Feb 12 2010

Becoming a People So Bold!

Published by at 5:34 pm under Minister's Musings

Every month our PACT (People Acting in Community Together) organizer Karen Belote and I set aside an hour to check in: What is most alive for us at that moment about our twin passions for justice and for this congregation? At our most recent one-to-one, Karen said, “You know, we’ve been working together for a few years now, yet I’ve never asked you about your passion for antiracism. I know it is really important to you, but … why? What’s the story behind this part of your call to ministry?”

            My answer to this question usually begins with stories from my growing up in Texas. Some of you have heard about how I didn’t get to go roller skating with my friend Everett –because he is African American and I am white—when we were only eight. That moment of loss pierced my heart; it made racism something personal and direct. There were other losses, too: broken bridges between Latina and European-American girls in junior high school; walls built up between family members and beloved employees. But it wasn’t just the ever-present racial prejudice and ethnocentrism that hurt, piercing peoples of color around me with a “thousand tiny [and not-so-tiny] cuts” and costing everyone our wholeness. It was also the systemic racism that was soul-killing, keeping the divisions and injustices intact from generation to generation, denying access and opportunity to some and giving unearned advantages to others, like me.

            Yet my passion for the work of understanding and undoing racism in myself and in the world—and my call to the ministry of helping to build multiracial, multicultural, antioppressive communities—are not rooted solely in the wounds of my past, nor are they driven by guilt or shame, although I have had to wrestle with these emotions too. My passion and my call now spring from fresh and ever-renewing sources. They rise up out of life-giving and joyful relationships that bridge those old forbidden boundaries and that have bloomed ever since I began to engage in the work of antiracism. These relationships make multiracial, multicultural community something personal and direct. My passion and my call are fed by ever-increasing experiences of communities that are learning how to celebrate and enhance our diversities, even while dealing with the challenges, confusions, and conflicts that arise when we invite differences to speak out loud. Communities like ours here at FUCSJ. Communities I’m honored to be part of throughout our Unitarian Universalist movement. Communities I’m coming to know here in San José. Communities available to all of us—and that we can help create.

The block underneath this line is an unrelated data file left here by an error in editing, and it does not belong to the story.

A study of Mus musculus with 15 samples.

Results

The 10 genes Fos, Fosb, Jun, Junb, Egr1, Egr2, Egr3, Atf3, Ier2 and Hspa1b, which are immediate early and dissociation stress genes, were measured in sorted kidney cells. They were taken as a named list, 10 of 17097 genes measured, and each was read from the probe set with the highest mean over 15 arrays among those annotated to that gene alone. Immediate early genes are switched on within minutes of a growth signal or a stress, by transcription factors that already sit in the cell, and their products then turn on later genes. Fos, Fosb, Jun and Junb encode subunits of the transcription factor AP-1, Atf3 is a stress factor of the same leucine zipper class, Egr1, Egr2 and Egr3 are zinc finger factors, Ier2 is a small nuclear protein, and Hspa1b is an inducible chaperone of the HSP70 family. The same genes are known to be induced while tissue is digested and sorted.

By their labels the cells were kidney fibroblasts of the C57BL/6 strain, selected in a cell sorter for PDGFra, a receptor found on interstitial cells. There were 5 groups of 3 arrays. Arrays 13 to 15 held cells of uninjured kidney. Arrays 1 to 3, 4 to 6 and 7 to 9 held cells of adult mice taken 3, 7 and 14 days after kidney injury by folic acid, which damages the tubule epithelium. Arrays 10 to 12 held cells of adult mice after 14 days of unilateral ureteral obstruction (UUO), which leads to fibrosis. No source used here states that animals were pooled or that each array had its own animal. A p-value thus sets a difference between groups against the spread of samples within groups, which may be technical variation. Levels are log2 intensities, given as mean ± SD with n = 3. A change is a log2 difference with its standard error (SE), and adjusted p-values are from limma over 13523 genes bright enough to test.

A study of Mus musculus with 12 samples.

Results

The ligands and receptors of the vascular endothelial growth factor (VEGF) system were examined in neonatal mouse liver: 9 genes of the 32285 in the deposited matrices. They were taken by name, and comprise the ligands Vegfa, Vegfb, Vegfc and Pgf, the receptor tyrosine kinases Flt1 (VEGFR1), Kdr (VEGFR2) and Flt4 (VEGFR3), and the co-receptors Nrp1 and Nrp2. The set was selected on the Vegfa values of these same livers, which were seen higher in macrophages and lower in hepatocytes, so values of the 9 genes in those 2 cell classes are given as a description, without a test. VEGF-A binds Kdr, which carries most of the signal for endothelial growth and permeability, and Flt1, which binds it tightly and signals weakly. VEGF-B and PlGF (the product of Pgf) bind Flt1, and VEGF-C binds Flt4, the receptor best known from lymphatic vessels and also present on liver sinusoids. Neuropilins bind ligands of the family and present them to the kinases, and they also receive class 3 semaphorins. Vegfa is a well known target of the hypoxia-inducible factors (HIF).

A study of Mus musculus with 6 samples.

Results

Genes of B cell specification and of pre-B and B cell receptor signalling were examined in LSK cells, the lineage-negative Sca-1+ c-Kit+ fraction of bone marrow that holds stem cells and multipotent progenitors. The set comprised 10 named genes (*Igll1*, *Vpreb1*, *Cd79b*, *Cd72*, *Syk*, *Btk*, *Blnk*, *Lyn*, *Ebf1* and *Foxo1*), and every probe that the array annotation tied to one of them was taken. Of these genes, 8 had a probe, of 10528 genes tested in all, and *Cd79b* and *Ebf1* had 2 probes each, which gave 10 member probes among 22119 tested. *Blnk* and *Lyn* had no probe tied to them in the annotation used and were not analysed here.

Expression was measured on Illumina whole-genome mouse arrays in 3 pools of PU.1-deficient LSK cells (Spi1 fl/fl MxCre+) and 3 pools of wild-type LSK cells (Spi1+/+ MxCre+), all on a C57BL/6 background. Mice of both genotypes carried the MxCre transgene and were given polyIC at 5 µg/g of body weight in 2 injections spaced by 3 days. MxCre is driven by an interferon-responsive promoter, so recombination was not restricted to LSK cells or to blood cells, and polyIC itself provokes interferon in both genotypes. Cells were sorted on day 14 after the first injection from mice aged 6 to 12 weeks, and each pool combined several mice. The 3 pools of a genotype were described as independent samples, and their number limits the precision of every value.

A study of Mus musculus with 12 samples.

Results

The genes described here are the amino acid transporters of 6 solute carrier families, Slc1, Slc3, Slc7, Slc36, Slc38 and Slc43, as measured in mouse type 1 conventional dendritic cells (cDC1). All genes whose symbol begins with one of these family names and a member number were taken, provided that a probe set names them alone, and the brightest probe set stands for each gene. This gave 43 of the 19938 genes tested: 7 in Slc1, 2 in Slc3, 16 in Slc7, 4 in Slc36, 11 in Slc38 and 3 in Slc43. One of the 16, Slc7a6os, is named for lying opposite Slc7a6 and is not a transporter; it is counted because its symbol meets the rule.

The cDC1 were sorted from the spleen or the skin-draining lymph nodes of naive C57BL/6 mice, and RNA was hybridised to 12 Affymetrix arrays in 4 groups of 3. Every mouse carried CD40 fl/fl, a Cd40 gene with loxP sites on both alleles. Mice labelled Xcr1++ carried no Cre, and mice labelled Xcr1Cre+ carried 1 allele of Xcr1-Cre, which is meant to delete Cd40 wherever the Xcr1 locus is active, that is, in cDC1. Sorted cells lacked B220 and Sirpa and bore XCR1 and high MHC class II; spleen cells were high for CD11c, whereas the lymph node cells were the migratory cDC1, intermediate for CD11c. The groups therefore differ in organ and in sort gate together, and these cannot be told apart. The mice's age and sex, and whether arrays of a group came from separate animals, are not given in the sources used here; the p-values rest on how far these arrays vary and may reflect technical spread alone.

In short, I am committed to the work of antiracism, multiculturalism, and antioppression because it makes me more alive and more whole. It lifts me up, it turns me on, it gives me hope, it grows my soul. It’s personal and direct.

            Through worship this February, we’ll be experiencing ways to grow our souls, ways to discover more life and more hope, as we look at how we can dismantle divisions and celebrate diversities—both inside our own being and out in the wider world. How are we becoming a “People So Bold”?[1] I can’t wait to dive deeper into our learning and growing together!

With gratitude for your calling me

to be all that I am

and to bring to this work all that I have,

 

Nancy

           



[1] This phrase is drawn from a new book, titled A People So Bold: Theology and Ministry for Unitarian Universalists, ed. John Gibb Millspaugh (Boston: Skinner House, 2010).